How difficult can it be? Making the most of a year in Paris should be the easiest thing you have ever done – you’ll simply swan around soaking up the beauty and art. And then after a few months you find yourself alone in a café, wishing you could meet up with one of your friends, tired of the endless grand monuments, longing for a place to lie on the grass, wishing someone, somewhere would recognise you.
You recall what you did this morning – put the washing on, cleaned the stove, did some writing, did the shopping. It’s pretty much like life back home, but it’s cold and grey and you’re treated like a tourist in every shop you go into. You feel shut out. You can’t tell anyone because you would sound like the most ungrateful person on the planet and so you email and Facebook how fabulous it all is.
But it can be fabulous – it just requires a bit of work. After spending a year living in Paris, here’s what I learned about getting the most out Paris.
1. It’s obvious but before you go, learn or brush up your French.
Waiters in tourist cafes speak some English, but you are not a tourist, you are living in Paris, voila, you need to speak French. There are many courses available in Australia, from informal rendezvous through Meet-Up, to classes at Alliance Francaise. Start as early as possible, so that you have a few workable French sentences by the time you arrive. Even the attempt to speak French will be warmly welcomed.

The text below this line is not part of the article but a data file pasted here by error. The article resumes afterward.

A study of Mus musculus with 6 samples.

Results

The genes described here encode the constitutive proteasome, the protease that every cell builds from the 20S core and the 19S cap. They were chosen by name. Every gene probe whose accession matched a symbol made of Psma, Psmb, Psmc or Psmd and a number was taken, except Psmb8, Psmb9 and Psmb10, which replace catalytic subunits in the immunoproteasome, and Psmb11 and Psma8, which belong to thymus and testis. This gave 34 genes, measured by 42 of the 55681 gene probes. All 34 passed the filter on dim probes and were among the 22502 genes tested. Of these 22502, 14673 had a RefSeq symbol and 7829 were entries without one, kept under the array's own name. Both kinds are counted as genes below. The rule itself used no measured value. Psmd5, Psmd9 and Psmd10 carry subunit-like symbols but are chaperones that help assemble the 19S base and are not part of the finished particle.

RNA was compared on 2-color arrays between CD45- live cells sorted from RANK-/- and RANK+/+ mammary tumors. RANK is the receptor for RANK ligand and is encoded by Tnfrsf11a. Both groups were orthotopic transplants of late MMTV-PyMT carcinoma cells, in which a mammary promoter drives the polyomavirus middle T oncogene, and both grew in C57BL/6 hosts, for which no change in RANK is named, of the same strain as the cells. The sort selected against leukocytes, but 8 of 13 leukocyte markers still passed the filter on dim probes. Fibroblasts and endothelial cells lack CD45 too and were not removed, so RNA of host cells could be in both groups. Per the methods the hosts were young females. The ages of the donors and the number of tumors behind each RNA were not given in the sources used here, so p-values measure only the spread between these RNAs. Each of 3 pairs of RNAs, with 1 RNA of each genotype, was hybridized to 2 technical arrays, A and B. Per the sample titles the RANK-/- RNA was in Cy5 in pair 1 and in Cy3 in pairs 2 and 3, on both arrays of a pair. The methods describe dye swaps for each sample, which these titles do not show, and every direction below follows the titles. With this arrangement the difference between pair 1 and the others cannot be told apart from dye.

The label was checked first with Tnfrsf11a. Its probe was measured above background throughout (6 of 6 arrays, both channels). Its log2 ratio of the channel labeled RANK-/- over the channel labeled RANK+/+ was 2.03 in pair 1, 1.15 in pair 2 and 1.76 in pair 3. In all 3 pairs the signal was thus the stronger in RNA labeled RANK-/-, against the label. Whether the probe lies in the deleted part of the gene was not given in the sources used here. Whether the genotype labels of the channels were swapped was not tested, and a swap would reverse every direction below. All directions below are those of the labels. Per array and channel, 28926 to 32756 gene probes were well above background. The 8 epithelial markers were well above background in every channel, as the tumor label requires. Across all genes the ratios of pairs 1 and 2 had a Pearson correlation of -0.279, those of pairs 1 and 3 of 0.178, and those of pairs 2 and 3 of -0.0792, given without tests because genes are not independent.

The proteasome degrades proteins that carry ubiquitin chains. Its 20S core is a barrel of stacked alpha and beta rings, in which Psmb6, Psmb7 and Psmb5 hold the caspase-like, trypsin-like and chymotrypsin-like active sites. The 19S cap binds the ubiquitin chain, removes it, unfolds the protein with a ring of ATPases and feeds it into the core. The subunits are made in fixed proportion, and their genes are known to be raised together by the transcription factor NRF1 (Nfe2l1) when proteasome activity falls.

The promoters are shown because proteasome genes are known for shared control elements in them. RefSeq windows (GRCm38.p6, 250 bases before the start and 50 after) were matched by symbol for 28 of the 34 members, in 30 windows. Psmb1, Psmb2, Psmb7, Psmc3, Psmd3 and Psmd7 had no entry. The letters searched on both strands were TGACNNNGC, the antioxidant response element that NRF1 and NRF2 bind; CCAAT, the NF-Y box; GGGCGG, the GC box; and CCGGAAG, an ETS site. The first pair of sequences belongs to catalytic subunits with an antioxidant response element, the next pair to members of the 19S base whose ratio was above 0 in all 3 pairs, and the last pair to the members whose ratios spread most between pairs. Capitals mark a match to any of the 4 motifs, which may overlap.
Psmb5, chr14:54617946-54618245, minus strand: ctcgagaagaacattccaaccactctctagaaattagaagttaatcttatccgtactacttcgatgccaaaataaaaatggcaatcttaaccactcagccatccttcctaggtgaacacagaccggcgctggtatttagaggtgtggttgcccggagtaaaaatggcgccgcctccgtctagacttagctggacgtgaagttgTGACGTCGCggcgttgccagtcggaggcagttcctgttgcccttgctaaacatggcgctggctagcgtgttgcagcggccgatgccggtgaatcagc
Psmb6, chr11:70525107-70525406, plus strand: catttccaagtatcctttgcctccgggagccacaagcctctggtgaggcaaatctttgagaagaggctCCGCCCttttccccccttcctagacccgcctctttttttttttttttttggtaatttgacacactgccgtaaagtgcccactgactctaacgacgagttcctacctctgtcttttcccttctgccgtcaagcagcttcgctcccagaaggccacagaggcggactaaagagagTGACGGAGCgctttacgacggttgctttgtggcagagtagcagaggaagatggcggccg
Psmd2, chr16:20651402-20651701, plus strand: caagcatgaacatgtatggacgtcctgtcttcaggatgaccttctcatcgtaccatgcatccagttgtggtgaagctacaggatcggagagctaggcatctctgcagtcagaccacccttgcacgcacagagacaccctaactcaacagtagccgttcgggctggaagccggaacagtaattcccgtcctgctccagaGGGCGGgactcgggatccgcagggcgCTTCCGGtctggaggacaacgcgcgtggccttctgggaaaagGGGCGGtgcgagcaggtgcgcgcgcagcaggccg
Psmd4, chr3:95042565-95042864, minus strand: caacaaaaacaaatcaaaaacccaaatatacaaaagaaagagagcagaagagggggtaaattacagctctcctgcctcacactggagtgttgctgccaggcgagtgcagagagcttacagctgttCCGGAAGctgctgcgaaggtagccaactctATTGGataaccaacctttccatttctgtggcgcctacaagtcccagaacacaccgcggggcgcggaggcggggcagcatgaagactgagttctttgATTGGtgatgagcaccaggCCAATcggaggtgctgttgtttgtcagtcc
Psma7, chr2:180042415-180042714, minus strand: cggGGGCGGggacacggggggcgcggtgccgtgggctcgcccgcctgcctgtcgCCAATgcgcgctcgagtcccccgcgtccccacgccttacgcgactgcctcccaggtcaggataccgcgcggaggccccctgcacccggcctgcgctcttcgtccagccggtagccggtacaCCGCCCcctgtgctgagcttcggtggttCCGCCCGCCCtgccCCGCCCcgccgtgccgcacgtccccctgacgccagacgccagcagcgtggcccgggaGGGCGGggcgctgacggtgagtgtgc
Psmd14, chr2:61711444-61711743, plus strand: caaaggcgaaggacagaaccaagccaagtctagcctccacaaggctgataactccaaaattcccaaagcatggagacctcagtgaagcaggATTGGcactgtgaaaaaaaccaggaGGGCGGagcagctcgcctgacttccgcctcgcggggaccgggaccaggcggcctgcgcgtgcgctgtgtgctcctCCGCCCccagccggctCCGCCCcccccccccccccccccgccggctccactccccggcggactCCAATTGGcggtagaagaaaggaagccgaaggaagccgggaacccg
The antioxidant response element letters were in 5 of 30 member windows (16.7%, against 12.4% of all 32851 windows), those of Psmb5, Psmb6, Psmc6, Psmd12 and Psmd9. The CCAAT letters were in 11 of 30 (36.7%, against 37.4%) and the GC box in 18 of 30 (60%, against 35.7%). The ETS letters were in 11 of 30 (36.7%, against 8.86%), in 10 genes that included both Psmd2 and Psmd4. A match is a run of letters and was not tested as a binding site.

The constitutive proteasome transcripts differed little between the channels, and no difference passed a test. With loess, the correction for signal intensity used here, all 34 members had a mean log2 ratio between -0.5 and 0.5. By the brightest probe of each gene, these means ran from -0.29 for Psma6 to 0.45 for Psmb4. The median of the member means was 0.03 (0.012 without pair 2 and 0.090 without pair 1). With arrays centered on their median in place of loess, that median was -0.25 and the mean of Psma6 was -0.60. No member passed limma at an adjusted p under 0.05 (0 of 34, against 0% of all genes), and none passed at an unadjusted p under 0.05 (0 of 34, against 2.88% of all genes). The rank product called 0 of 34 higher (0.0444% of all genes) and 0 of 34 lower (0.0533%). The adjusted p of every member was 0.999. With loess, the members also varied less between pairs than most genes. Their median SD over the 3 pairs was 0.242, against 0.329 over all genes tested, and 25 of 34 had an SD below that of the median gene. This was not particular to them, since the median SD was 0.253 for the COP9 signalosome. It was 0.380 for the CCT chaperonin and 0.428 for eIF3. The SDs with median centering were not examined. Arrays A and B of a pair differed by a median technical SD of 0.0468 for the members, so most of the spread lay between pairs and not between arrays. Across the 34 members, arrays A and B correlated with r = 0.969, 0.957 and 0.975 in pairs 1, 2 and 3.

2. Also before you go, dip into French culture.
Read French writers, watch French films – the French are very knowledgeable about their films - study French art, architecture, cuisine, listen to French music. You haven’t got time for all of that? Focus on the area that you already love – for me it was literature (Balzac, Zola, De Beauvoir, Colette, Modiano, just for starters) so that by the time I arrived I could see Paris with the rich texture that literature gives the world.
3. Once you are there, watch French television.
That’s right – watch telly, especially the news. It’s good practice for listening to French and you are up to date with the favourite French topic of conversation – politics. And watch quiz shows, they are great practice because questions are repeated and sometimes printed up on the screen as well. And sports shows – you will know how to say ‘Allez les Bleus’ (Go the Blues) and understand what the French might be talking about on the Metro on a Monday morning.
4. Shop in your small, local boulangerie, fromagerie, pharmacie, marché.
Go to the supermarket for a year and no-one will know you, go to the same small shop or market stall each time and after three visits you will be a local. I went to same boulangerie for my baguettes for a year, and even now I am greeted as if I am a beloved cousin from ‘Australie’. But you must remember to greet every shop-keeper as you walk in. If you don’t, you will be treated as a rude visitor, ignored or disdained. Say Bonjour Madame or Mademoiselle (under 30 approximately) or Monsieur . And it’s not just for politeness; a greeting opens up the possibility of conversation, even it’s just chat about the weather, it affirms you are sharing the same world with the locals, that you are one of them.